The latest Dominique Strauss-Kahn twist

Last we left the French politician, he had been freed from house arrest after the veracity of his accuser’s story came into question; French society contemplated his political future; and a French writer, Tristane Banon, said even if he didn’t assault the New York City maid, he did try to sexually attack her back in ...

AFP/Getty Images
AFP/Getty Images
AFP/Getty Images

Last we left the French politician, he had been freed from house arrest after the veracity of his accuser's story came into question; French society contemplated his political future; and a French writer, Tristane Banon, said even if he didn't assault the New York City maid, he did try to sexually attack her back in 2003 -- allegations that are being investigated by French police.

Today, a new twist has emerged. In an interview with a French newspaper, the writer's mother, a prominent Socialist Party member, said she had sex with the former IMF chief back in 2000, an encounter that was "consensual but clearly brutal." She said it was something she never wanted to repeat.

Anne Mansouret, 65, said Strauss-Kahn acted with the "vulgarity of a soldier." And, he had a dominant instinct when it came to sexual encounters.

Last we left the French politician, he had been freed from house arrest after the veracity of his accuser’s story came into question; French society contemplated his political future; and a French writer, Tristane Banon, said even if he didn’t assault the New York City maid, he did try to sexually attack her back in 2003 — allegations that are being investigated by French police.

Today, a new twist has emerged. In an interview with a French newspaper, the writer’s mother, a prominent Socialist Party member, said she had sex with the former IMF chief back in 2000, an encounter that was "consensual but clearly brutal." She said it was something she never wanted to repeat.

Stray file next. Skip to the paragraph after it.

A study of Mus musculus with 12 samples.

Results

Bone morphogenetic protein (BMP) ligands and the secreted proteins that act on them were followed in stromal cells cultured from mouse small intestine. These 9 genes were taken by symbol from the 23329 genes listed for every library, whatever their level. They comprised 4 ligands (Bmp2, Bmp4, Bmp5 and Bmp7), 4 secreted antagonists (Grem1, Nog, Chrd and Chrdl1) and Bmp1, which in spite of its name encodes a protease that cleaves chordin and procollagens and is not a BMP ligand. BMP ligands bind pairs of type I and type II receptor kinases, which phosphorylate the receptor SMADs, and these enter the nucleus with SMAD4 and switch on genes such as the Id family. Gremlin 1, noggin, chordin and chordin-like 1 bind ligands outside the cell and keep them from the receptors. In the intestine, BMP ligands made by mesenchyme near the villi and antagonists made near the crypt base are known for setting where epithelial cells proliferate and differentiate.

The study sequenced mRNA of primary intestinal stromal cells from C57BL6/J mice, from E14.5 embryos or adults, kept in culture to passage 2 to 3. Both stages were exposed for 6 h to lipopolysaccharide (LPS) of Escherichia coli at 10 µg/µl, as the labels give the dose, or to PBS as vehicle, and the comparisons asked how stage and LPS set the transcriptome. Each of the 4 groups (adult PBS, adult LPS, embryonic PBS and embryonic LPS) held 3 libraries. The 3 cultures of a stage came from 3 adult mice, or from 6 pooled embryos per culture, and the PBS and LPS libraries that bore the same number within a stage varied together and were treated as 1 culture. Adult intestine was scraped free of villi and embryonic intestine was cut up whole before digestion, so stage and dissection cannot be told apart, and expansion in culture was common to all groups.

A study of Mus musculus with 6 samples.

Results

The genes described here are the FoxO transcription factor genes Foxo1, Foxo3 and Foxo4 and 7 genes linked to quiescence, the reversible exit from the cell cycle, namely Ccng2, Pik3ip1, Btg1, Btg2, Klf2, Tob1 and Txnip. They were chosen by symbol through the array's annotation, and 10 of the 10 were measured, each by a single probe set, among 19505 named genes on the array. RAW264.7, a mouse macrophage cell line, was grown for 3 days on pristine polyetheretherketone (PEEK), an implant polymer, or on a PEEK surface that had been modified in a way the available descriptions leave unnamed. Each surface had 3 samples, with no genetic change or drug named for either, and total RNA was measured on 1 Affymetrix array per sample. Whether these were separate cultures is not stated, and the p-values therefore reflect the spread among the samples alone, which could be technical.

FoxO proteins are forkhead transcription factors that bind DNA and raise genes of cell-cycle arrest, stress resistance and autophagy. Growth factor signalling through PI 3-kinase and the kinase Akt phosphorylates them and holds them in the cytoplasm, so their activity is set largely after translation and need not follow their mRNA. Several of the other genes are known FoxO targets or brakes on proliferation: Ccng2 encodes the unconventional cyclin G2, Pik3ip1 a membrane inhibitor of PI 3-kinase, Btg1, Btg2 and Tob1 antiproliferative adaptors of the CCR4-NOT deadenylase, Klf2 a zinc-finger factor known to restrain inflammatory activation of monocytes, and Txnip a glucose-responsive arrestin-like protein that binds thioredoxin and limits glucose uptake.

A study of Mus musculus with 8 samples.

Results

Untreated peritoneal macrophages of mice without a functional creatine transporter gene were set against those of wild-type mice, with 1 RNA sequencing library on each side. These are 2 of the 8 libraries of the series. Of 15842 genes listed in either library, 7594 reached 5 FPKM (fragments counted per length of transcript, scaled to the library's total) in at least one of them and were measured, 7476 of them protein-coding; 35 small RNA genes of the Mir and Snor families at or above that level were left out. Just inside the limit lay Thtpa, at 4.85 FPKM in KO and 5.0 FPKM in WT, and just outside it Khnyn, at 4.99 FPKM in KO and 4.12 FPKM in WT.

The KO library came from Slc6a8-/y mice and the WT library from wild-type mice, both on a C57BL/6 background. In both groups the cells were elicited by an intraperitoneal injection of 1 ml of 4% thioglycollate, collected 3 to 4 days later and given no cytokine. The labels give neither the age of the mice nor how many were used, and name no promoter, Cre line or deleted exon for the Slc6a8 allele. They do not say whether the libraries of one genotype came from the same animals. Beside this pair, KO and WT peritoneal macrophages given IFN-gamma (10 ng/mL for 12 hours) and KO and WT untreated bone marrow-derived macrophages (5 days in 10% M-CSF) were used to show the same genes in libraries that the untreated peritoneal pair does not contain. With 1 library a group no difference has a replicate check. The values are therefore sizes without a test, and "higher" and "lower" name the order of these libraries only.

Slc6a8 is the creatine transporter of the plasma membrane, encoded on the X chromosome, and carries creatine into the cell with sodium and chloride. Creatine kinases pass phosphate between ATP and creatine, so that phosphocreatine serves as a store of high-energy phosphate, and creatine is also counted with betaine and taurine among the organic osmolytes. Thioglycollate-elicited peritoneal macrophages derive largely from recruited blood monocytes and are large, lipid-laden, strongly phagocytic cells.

Anne Mansouret, 65, said Strauss-Kahn acted with the "vulgarity of a soldier." And, he had a dominant instinct when it came to sexual encounters.

Mansouret said she felt she needed to speak out now because an image was forming of Strauss-Kahn as a "seducer, not a rapist."

The story gets a little more twisted when you consider that Mansouret was close friends with the politician’s former wife, who also happens to be godmother to Banon.

Banon has called Strauss-Kahn a "rutting chimpanzee" and "very violent." She told French TV back in 2007 that she had interviewed him several years earlier for a book she was working on. He tried to hold her hand during the discussion and the hand-holding segued into sexual advances. He became violent and the two scuffled on the floor of his apartment. Eventually, she "kicked him several times, he unbuttoned my bra … and tried to unzip my jeans." But she was able to get away.

Strauss-Kahn has called her allegations "imaginary" and has filed a lawsuit against her for slander.

If the Strauss-Kahn affair has taught us anything, it’s that it is ridiculous to rush to judgment. We’ll see where this new case goes. But, the more that comes out about Strauss-Kahn in France, the easier it is to understand why he doesn’t seem to be in any hurry to leave the United States.  

Robert Zeliger is News Editor of Foreign Policy.